In addressing the lawlessness of Western, and particularly American, society, both in the secular and religious realms, I confess that I find the 4th commandment the most difficult to handle.  This is largely due to the great variety of opinions found among honorable Christian men throughout the centuries.  There are some who hold that our practical observance of God’s command to honor the Sabbath day should be very much like that of the Jews in the Old Testament.  In other words, we should do no work except those which Christ sanctioned, such as works of mercy or necessity.  These brethren, due to their conscientious convictions, will not, for example, eat at a restaurant on Sunday, and will attempt to have their food for that day pre-made, so that they do not have to cook on God’s holy day.  Other believers, while holding that the Sabbath day ought generally to be regarded as set aside for the worship of God, are not so rigid in their practical applications on every detail.  Presently, I fall into the latter camp, although I leave myself room to be persuaded to a more rigid position.

Whatever our stance on this question, I do not doubt that the earnest believers on both sides will decry the antinomian position that is held in practice, and often in principle, by the vast majority of Americans, that there is no longer at all one day in seven to be set aside for the worship of God, fellowship with His people, and meditation on His goodness.  Under the Old Testament economy, this day was the seventh day, which was the day God rested from His creation, and the day that He established for the nation of Israel to observe as their day of rest and worship.  Throughout the Old Testament, one of the most frequent criticism of the prophets was that the Israelites violated the Sabbath, which God had given to be a sign between Him and them.  Historically, since the time of Christ the churches of believers have gathered for worship on Sunday, the first day of the week, because that was the day on which Christ burst forth from the tomb in resurrection glory.  There is plentiful evidence in the New Testament that this was the practice of the apostolic churches, in spite of modern cults and hyper-dispensationalists who argue that we ought to return to Saturday worship.

Although the apostles do not emphasize the Sabbath day for Christians as much as the Old Testament did for Israel, both Christ and they indicated that it would still be observed even under the New Covenant.  In the end, the command to honor God’s day is nothing except God telling us that He has the right to our worship, and He has the right to command us when, how, and where to worship Him.  Every Christian ought to delight that he has at least one day in seven to meet together with the people of God, to pray with the saints, to sing the praises of our Lord, and to hear the preached Word.  After all, will we not be engaged in eternity in the praise and adoration of the great God Who has saved us and called us with an holy calling?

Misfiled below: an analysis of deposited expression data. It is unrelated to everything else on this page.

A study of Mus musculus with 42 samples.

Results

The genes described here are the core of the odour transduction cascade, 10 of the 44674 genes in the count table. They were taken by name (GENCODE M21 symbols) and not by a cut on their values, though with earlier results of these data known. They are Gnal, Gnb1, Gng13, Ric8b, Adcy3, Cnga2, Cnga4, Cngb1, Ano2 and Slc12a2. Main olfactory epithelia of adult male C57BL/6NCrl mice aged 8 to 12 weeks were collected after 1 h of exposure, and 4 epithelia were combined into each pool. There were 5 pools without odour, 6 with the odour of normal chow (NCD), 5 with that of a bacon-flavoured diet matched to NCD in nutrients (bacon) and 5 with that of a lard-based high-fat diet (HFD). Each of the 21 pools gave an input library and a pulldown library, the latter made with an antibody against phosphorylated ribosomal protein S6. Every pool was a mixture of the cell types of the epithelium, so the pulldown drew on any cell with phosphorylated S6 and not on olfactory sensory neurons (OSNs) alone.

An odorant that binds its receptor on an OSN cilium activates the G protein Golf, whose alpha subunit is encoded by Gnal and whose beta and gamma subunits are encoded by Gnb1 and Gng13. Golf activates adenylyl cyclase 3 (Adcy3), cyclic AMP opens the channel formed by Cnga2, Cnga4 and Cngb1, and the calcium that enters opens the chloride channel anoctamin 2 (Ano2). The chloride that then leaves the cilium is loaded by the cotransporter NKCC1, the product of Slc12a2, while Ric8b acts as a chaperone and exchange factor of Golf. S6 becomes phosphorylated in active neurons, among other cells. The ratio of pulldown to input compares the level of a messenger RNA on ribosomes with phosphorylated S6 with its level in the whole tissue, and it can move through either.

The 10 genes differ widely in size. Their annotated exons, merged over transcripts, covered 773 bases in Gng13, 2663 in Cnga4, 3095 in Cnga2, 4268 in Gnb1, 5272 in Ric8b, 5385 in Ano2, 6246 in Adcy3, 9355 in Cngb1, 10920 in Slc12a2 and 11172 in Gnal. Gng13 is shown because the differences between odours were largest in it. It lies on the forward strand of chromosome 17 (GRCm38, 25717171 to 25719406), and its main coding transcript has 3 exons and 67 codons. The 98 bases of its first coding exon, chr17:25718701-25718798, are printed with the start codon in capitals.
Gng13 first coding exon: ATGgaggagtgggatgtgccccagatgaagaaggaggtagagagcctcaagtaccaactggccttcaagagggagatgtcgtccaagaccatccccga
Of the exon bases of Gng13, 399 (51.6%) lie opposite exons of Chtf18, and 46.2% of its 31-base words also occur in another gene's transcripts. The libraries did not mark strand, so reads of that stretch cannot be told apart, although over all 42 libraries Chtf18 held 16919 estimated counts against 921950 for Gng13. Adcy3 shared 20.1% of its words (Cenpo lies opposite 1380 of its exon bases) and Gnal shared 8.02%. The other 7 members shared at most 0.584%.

What can we say, then, of the vast multitudes of professing believers who make but few or irregular attempts to join with the Lord’s people in worship?  What can we say of those who treat the church service as something that must be squeezed in around the family time, the ball game, or the relaxation that forms the nucleus of their weekend?  This attitude demonstrates a transparent contempt for the worship of God, a disregard for the company of the saints, a preference of worldly enjoyments over heavenly.

It is sad but tragically true that Gospel preaching churches are often ministering to but mere handfuls.  Contrast this to the sports stadiums, which often attract crowds of tens of thousands on Sunday.  One wonders how many of those who have skipped church to watch a sports contest are professing believers.  I have heard personal anecdotes from pastors who had deacons that would leave in the middle of the service because they had season tickets for the local NFL franchise.  To place the frivolous entertainments of this world, even if they be things which might not be sinful in and of themselves, ahead of the worship of God and the preaching of the Gospel, is a symptom of desperate spiritual sickness.

The worship of God and the gathering of His saints has fallen into contempt because the multitudes have become convinced that the law of God no longer has any teeth.  “That was the God of the Old Testament,” the prevailing sentiment goes.  “Under the New Testament, God is kinder and gentler, and will not judge us unless we commit some drastic sin like mass murder.”  One never finds such a lawless precept being advocated by Christ or His apostles.  The word of the New Testament, as well as the Old, is, “Be ye holy, for I am holy.”   The apostle Paul persuaded men of the Gospel of Christ because he knew the terror of the Lord, meaning His judgments against those who persist in rebellion.  Personal holiness requires conformity to the standard of conduct enjoined by the unchanging God.  Neglect or defiance of that standard inevitably provokes His judgment.

Believers in every dispensation are commanded to forsake not the assembling of themselves together, but to attend upon the public worship of God with joyful hearts, not only for the good of our souls, but primarily to render to God the adoration He deserves.  Those who prefer to chase their own pleasures rather than the worship of God say much about the state of their soul.  If we do not prefer God’s people, God’s word, yea, God Himself, to our own personal pleasures in this life, what makes us think we will be fit for heaven which is entirely concerned with those holy matters?